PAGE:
Emily Weisburg

The Super Bowl of ecommerce is here again. Amazon’s Prime Day 2022 is scheduled for July 12 and 13 across the United States, Canada, and dozens of other countries. Since its inception eight years ago, participation in Prime Week has become table stakes for brands both on and off Amazon.

Prime Day started as a one-day sales event in July 2015 to celebrate Amazon’s 20th anniversary. It was a clever way for Amazon to create a summer shopping occasion at a time of year when online sales had previously slumped. Prime Day has grown every year, including crashing the site in 2018 and featuring a Taylor Swift live stream performance exclusively for Prime members in 2019. Amazon experimented with holding Prime Day in October of 2020 and in June of 2021 but this year marks a return to its original July timeframe.

Our Amazon clients often see five to ten times their usual daily sales during Prime Day. Done right with a combination of promotions and strategic media spend, brands can have a successful Prime Day and accelerate the Amazon flywheel on their hero SKUs into Q3 and beyond.
Return on ad spend (ROAS) does tend to decline around Prime Day as the price of media cost increases due to heavier competition, while average order value (AOV) decreases as a result of promotional pricing.

2021 RECAP

Prime Day 2021 saw consumers purchase over 250 million items worldwide with total customer savings breaking all previous records. Best-selling categories worldwide for Prime Day 2021 included tools, beauty, nutrition, baby care, electronics including Amazon Devices, apparel, and household products. Top-selling products in the U.S. included wireless robot vacuums, protein powder, DNA test kits, and slow cookers.

Over the last several years, Amazon has used Prime Day to highlight their independent third-party sellers, most of which are small- and medium-sized businesses. This year is no exception as Amazon rolled out a small business badge on product detail pages and is running a sweepstakes for shoppers who shop small in the lead up to Prime Day.


Since Prime Day has entered the zeitgeist over the years, many non-Amazon e-tailers large and small participate in the hallmark event. Walmart runs an annual Deals for Days event and Target’s version is called Deal Days, all concurrent with Prime Day dates. Wayfair, Home Depot, eBay, Bed Bath & Beyond, Best Buy, and Chewy also run tentpole promotions during this time. Boutique direct-to-consumer brands are also known to join in. Brooklinen and MeUndies both ran deals on their own .coms last year during Prime Week.

We recommend that all brands participate in Prime Day. The investment in promotions and advertising doesn’t need to be aggressive. We’ve seen modest deals drive success stories over the years and even just promoting via owned media, including your website and social media channels, can produce a sales lift. Just like Cyber Monday, customers have been trained to shop during this time. We see even non-promoted SKUs sell well just as a result of increased website traffic.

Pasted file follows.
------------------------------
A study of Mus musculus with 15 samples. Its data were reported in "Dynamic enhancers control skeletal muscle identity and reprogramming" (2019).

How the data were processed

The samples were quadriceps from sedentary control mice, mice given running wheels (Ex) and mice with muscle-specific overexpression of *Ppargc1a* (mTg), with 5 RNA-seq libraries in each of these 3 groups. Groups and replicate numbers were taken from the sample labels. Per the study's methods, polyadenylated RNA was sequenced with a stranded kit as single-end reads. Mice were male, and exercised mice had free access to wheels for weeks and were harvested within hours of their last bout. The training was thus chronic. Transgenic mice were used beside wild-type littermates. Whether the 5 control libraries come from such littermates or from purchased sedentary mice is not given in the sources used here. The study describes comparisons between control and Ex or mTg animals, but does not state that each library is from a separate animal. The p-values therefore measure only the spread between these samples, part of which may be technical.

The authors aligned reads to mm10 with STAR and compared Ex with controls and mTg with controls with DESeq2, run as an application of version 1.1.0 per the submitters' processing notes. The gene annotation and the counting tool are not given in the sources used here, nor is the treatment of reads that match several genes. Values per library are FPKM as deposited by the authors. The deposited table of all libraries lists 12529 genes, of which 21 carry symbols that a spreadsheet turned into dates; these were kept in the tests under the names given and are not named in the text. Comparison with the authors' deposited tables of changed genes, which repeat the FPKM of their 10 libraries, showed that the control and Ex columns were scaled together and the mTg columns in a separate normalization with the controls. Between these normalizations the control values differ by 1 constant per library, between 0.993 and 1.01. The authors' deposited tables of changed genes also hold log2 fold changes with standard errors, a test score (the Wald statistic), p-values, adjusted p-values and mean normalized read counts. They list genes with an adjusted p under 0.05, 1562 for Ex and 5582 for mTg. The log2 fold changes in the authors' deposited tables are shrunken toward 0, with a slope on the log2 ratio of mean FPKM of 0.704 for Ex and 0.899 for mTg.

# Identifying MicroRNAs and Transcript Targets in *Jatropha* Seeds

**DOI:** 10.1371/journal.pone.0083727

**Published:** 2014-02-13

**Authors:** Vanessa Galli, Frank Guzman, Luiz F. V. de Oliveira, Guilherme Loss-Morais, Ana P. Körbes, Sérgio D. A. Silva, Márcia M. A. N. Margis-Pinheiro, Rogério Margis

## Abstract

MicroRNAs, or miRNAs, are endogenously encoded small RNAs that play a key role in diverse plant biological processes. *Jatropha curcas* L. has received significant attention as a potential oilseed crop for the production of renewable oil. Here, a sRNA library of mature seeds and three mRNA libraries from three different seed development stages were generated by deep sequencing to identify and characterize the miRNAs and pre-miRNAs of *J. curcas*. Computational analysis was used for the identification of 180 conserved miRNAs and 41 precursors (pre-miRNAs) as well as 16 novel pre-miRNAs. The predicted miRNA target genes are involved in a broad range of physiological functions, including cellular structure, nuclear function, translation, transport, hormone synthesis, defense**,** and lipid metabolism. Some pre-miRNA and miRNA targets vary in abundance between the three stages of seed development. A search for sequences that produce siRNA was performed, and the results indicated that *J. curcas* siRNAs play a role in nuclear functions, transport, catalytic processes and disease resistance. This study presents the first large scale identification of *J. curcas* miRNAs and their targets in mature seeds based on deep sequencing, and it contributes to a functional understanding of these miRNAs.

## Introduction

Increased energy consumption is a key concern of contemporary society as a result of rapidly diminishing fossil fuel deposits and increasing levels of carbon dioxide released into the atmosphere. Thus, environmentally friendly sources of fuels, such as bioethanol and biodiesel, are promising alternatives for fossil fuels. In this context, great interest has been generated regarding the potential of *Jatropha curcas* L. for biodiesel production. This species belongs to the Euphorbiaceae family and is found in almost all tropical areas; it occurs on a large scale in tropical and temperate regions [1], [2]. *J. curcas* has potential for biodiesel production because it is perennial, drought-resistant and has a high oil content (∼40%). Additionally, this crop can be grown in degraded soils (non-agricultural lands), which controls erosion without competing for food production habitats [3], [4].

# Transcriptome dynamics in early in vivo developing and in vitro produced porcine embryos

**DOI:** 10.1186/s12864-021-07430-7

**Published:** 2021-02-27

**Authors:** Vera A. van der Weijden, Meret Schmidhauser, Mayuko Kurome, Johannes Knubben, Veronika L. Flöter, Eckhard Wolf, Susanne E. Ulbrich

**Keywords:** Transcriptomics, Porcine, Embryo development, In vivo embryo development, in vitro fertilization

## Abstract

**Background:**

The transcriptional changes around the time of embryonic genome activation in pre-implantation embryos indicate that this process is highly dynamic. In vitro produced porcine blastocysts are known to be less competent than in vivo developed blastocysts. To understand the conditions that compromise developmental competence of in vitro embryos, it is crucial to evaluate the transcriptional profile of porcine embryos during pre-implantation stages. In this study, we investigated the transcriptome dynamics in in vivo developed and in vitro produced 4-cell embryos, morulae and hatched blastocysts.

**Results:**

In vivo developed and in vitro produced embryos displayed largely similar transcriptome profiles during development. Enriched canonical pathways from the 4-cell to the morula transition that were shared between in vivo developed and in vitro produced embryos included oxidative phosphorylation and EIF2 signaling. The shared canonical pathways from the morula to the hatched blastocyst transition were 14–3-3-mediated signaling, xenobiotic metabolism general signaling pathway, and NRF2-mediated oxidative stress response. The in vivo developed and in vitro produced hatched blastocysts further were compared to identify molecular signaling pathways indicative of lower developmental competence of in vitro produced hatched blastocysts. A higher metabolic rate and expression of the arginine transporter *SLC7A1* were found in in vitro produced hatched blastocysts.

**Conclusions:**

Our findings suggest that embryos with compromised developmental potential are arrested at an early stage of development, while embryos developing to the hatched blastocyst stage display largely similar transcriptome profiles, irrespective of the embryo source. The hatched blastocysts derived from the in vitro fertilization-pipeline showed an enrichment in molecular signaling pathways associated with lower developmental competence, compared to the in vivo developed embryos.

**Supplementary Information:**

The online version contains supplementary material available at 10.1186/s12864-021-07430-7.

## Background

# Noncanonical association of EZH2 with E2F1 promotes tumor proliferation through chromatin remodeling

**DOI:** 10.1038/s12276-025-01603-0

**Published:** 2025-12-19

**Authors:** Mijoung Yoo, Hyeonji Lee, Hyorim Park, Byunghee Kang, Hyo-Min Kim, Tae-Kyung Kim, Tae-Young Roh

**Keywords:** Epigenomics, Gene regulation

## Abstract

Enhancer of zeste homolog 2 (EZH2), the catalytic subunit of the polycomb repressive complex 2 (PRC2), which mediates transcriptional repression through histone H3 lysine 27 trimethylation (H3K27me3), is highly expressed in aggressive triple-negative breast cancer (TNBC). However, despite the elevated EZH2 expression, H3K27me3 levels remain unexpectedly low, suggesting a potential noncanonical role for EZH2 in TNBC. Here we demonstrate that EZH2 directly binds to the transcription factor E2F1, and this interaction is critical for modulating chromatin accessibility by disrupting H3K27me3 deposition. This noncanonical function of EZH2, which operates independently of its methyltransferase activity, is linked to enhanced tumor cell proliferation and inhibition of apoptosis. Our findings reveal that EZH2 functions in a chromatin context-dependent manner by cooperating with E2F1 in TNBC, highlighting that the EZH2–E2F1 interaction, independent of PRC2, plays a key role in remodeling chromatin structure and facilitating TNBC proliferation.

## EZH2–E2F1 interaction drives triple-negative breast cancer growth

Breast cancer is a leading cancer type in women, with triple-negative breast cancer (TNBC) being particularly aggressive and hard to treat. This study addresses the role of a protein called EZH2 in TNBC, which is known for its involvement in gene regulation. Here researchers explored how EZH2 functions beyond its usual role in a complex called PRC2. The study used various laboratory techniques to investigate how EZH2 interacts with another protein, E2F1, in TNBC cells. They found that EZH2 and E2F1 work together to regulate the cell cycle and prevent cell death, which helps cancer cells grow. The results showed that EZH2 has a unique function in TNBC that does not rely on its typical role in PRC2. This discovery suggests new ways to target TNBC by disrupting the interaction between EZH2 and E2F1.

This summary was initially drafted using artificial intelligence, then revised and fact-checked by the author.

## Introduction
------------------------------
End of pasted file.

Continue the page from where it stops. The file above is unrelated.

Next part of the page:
Brands that sell across multiple retailers should be thoughtful about their pricing strategy. Amazon and other e-tailers have robust price-scraping technologies that drive competitor matches and brands can lose top buy box placement if they offer a better price on one retailer versus another. We see these channel conflicts often with Walmart and Target versus Amazon.


Concerns over the global economy and inflation are looming in the ramp up to Prime Day this year. The prices of everyday necessities are increasing, and many shoppers will have less disposable income this summer. We may see less impulse buying of big-ticket items like electronics and tools this year. Slightly steeper discounts on these categories are recommended this time around. Shoppers could however be looking to stock up on essentials at a discount including grocery, personal care, and household products. We expect brands offering subscribe- and-save business models to do well.

Supply chain challenges in certain product categories also continue to impact ecommerce. Brands in a good inventory position could have the advantage to inspire brand switching.

Prime Day is back for Canadians this year after a COVID-19-related hiatus in 2021. Amazon has added Prime Day for Poland and Sweden this year and a Prime Day event in India, Saudi Arabia, the United Arab Emirates, and Egypt later this summer.

In addition to their usual push for brands to double down on search and display advertising spend during the lead up and lead out to Prime Day, Amazon Advertising is auctioning off top advertising real estate including homepage takeovers.

Lastly, we’re hearing murmurs that a “Prime Day Part 2” could be happening in October this year to pull forward Black Friday and Cyber Monday shopping behavior. Amazon found success with this strategy in 2020 when Prime Day was delayed to October due to the pandemic and may be looking to test the logic again in Q4 2022.

Whether they’re dipping a toe into the water or diving headfirst into the deep end, we’re excited to support our clients through another Prime Day season and test and learn new strategies to help brands grow their businesses.